This image over part of the Italian island of Sardinia comes from the very first acquisition by the Sentinel-2A satellite. Also Northwest Sardinia has a very wide spread of area and land. Shown on the imaging from a NASA view.
Launched in the early hours of 23 June, the ‘colour vision’ mission for Europe’s Copernicus programme delivered its first image of Earth on 27 June, which covered a 290 km-wide strip from Sweden down to Algeria – including part of Sardinia.
The area pictured covers a section of the island’s northwestern Sassari province, with parts of the coast visible along the left side and bottom. Agricultural fields dominate the inland, with a large area of vineyards at the centre of the image.
While the satellite mission will provide optical data for land monitoring, its main instrument has 13 spectral bands. This false-colour image was processed including the instrument’s near infrared spectral channel – which explains why plants in the area pictured appear red.
The varying shades of red and other colours across the entire image indicate how sensitive the multispectral instrument is to differences in chlorophyll content. This is used to provide key information on plant health and, for this image, the brighter reds indicate healthier vegetation.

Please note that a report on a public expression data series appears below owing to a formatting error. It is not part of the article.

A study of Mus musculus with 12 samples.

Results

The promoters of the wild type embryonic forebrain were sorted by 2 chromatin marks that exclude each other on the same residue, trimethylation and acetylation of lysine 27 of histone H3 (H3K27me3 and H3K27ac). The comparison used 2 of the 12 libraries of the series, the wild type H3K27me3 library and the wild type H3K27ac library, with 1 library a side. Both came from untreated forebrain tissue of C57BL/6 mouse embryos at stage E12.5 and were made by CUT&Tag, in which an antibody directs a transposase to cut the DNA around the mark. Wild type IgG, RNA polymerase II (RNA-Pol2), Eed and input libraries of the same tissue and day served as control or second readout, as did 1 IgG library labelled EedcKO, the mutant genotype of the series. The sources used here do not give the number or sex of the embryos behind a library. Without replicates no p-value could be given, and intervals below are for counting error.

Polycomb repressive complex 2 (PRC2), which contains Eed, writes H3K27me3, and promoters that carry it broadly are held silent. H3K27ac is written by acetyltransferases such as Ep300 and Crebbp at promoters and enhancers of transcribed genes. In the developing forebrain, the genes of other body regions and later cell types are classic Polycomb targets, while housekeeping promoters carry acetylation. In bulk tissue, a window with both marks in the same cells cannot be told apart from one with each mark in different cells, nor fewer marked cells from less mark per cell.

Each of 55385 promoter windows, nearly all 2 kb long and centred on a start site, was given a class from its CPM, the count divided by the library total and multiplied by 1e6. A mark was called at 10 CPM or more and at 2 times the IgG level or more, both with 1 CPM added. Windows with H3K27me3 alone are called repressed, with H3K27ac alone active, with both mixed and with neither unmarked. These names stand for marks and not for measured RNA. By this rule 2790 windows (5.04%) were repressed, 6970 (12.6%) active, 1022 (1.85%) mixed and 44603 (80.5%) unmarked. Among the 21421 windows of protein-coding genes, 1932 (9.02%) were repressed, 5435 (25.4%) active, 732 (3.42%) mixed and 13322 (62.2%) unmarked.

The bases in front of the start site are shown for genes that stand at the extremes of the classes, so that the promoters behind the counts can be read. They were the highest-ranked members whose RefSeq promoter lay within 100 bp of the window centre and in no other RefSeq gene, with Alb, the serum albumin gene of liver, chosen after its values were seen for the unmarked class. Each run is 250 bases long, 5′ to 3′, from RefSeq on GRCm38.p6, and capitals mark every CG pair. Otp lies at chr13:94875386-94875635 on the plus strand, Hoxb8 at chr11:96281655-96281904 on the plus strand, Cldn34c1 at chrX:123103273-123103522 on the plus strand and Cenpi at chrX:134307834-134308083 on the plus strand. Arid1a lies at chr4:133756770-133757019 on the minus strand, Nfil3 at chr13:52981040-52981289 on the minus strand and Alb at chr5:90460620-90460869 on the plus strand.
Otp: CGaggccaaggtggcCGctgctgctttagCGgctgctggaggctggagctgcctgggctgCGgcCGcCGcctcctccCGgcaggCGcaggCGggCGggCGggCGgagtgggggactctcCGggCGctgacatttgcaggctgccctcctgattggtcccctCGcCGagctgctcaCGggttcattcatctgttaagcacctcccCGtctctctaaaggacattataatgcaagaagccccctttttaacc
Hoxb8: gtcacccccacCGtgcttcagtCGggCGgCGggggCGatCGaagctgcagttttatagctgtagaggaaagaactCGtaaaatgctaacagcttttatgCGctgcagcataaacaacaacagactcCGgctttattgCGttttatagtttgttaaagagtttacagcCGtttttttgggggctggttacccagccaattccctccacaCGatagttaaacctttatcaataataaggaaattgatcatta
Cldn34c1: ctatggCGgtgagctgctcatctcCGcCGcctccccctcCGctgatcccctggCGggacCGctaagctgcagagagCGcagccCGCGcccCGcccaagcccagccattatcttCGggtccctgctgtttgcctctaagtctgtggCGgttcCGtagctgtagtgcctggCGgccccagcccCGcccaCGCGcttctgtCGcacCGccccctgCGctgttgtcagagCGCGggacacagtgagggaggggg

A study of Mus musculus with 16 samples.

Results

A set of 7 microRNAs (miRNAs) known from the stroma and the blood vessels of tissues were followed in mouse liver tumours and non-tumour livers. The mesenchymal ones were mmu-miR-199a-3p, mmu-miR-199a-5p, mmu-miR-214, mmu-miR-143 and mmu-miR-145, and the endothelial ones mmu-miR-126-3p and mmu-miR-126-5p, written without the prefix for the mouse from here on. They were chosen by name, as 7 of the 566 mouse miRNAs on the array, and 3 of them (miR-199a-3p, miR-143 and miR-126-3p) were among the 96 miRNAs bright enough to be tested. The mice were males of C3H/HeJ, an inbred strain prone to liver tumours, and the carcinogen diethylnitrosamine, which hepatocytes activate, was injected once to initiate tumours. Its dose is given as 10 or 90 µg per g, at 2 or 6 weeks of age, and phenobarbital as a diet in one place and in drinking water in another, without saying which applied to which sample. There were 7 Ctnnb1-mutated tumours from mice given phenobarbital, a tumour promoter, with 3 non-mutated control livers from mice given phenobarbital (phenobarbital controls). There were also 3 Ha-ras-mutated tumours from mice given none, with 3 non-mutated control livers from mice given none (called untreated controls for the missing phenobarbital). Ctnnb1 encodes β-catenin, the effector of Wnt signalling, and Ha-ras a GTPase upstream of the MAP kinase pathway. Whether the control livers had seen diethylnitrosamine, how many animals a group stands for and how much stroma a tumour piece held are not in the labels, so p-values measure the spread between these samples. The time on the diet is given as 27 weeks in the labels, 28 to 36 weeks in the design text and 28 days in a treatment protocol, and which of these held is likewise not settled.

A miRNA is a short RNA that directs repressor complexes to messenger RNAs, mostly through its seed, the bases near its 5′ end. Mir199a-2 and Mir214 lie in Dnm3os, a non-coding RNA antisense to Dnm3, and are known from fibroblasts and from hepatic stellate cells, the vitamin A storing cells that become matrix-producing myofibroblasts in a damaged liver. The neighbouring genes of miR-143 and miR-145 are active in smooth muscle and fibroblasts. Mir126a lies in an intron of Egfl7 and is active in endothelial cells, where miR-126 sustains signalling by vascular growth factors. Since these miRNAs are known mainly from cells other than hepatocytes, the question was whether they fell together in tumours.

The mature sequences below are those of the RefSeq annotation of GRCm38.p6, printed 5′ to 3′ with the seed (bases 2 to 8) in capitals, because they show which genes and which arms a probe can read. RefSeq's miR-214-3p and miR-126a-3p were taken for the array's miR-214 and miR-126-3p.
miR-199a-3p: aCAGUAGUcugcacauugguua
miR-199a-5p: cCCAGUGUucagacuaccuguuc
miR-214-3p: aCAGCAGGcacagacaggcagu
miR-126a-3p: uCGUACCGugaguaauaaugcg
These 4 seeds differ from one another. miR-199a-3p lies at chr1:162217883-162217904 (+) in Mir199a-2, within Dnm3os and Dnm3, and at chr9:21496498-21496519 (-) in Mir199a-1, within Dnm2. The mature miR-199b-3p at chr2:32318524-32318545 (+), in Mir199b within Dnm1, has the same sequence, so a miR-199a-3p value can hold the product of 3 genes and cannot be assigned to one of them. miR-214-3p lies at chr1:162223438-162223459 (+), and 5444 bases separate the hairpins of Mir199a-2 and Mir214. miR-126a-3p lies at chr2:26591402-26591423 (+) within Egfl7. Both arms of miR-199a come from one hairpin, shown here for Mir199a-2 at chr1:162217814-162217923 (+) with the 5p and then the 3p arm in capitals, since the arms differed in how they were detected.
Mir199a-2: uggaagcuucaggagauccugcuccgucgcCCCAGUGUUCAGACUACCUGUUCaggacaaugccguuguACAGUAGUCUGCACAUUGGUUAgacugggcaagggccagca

In the lower left section, we can see a large hilly area with significant vegetation – indicated by the red colouring. However, a bright white/light-blue section of this area shows where the hills have been cut into for surface mining.
In some areas, the agricultural fields appear outlined in red as well. This comes from the presence of hedges, which may have been planted to protect the crops from wind. Such hedges provide a habitat for smaller animal species and birds, so even small-scale habitat monitoring can be performed by Sentinel-2.
Other visible features in this image include the Alghero-Fertilia Airport just left of the centre, and the port of Fertilia directly to its south. Near the port, the waters of a lagoon appear different compared to the waters of the sea to its south, because of the difference in chemical composition. This first acquisition by the satellite already demonstrates Sentinel-2’s application for monitoring inland and coastal waters.